The 2010 census counted 316,236 residents in Chesterfield County, making it the 4th largest jurisdiction in Virginia, behind Fairfax County, the City of Virginia Beach and Prince William County. Chesterfield grew by over 56,300 residents from 2000 through 2010, a total increase of nearly 22%, with an annual growth rate of 3.3%. In that same period, Henrico grew by about 44,600 (an increase of 17%). Loudoun County, one of the fastest growing areas in the United States, grew by 84% during this time.
Chesterfield County does not regulate the number of new homes constructed each year. Housing construction volume is determined by the private market, based on the demand by individuals deciding to build or buy a home in the county. Through its Comprehensive Plan, the county does guide the location of new construction in order to minimize the cost of infrastructure and public facilities, and to protect the natural environment.
A comprehensive plan enables local government officials and citizens to anticipate and deal constructively with changes occurring within the community. Though its format varies from jurisdiction to jurisdiction, the comprehensive plan is a broad effort to address a wide range of community issues and concerns, understanding the important relationships between each part. Virginia state law requires that all local governments have an adopted comprehensive plan. Typical topics addressed in a comprehensive plan include the analysis of population change, land use and economic trends, natural and environmental features, housing, transportation systems, and community facilities and services.
Chesterfield County will grow by approximately 100,000 residents over the next 20 years. The Chesterfield County Comprehensive Plan outlines where new residential, commercial and employment uses should locate. It also identifies where new public facilities should be located to serve growth. Zoning request not in compliance with the Plan are generally recommended for denial by staff.
Zoning is the legal means by which local governments regulate the use of land and provide standards for development of land. The Comprehensive Plan forms the foundation for all zoning in Chesterfield County, and can be considered a "blueprint" for future zoning decisions. While land-use-plan designations are only recommendations of possible future use, they are used as an important guide for the changing of any zoning classification.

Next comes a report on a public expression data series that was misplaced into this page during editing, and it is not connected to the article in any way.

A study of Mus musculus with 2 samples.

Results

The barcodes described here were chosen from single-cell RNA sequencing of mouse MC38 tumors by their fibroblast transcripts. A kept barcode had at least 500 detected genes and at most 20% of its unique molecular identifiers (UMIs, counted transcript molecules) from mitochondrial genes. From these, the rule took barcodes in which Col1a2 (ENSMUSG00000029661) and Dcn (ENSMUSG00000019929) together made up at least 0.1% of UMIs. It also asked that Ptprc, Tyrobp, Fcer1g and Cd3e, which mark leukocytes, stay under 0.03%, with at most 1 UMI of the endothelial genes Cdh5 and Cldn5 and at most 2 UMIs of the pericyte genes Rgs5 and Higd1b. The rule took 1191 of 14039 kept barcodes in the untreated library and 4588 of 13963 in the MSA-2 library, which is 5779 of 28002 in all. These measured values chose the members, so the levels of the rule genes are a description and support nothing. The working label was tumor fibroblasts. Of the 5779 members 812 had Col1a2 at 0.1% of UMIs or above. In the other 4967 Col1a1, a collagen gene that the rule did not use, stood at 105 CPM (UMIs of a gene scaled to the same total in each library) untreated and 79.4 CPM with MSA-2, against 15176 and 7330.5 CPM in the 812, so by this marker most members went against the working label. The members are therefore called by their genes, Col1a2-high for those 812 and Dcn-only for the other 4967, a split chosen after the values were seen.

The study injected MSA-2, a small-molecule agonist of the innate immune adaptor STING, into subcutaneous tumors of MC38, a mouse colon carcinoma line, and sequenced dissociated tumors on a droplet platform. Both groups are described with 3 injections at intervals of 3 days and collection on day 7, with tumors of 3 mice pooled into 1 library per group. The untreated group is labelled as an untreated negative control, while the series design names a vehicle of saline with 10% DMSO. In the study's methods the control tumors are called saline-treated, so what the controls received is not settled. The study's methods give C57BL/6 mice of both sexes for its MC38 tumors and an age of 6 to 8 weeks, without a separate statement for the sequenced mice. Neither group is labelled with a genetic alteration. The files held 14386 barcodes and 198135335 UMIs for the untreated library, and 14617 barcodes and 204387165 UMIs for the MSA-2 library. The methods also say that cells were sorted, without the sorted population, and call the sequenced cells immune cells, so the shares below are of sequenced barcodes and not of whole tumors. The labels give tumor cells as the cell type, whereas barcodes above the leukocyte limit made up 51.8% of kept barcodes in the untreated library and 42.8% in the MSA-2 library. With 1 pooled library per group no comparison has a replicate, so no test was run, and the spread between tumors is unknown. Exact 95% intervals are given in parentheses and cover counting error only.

Yes. The Comprehensive Plan includes elements which propose new roads, schools, parks, libraries, fire stations and other public facilities. Population and land use studies are prepared to determine the optimum location and pattern for these public facilities. These public facilities plans are coordinated to support the land use plan and the locations designated for new development.
Road congestion is a national problem, especially in growing metropolitan areas. Travel in the United States has grown significantly faster than population and transportation-revenue resources. From 1980 to 2000, the U.S. population increased by 24%, yet miles driven increased by 80%. Congestion in Chesterfield County is significantly less than that experienced in Northern Virginia and Richmond's West End.
The Chesterfield Board of Supervisors has an established goal of "Growth to Pay for Growth." Therefore, new residents and businesses pay their share of the expansion of the county water and sewer systems through connection fees. However, for roads, schools and other public facilities, it is not so simple. A system similar to utility-connection fees, called impact fees, is not legal in Virginia for these other facilities. Instead, a system of cash-proffer payments promised at the time of rezoning was enacted in 1989 by the state for Chesterfield County and other jurisdictions. Cash proffers are helping finance roads and infrastructure.
No one can perfectly predict the future, however, county planning studies illustrate that if the county follows its Comprehensive Plan, the cost of roads, schools and public facilities will be more efficient due to the planned pattern of growth and increasing effectiveness of county growth policies. In addition, as identified in the comprehensive plan, revitalization of existing neighborhood and business corridors will be a major focus of future county efforts. The Planning Department is constantly analyzing data to identify future issues facing the county. The Comprehensive Plan is the county's vehicle to explore and discuss these issues, and provide high level guidance and awareness to citizens, county staff and officials.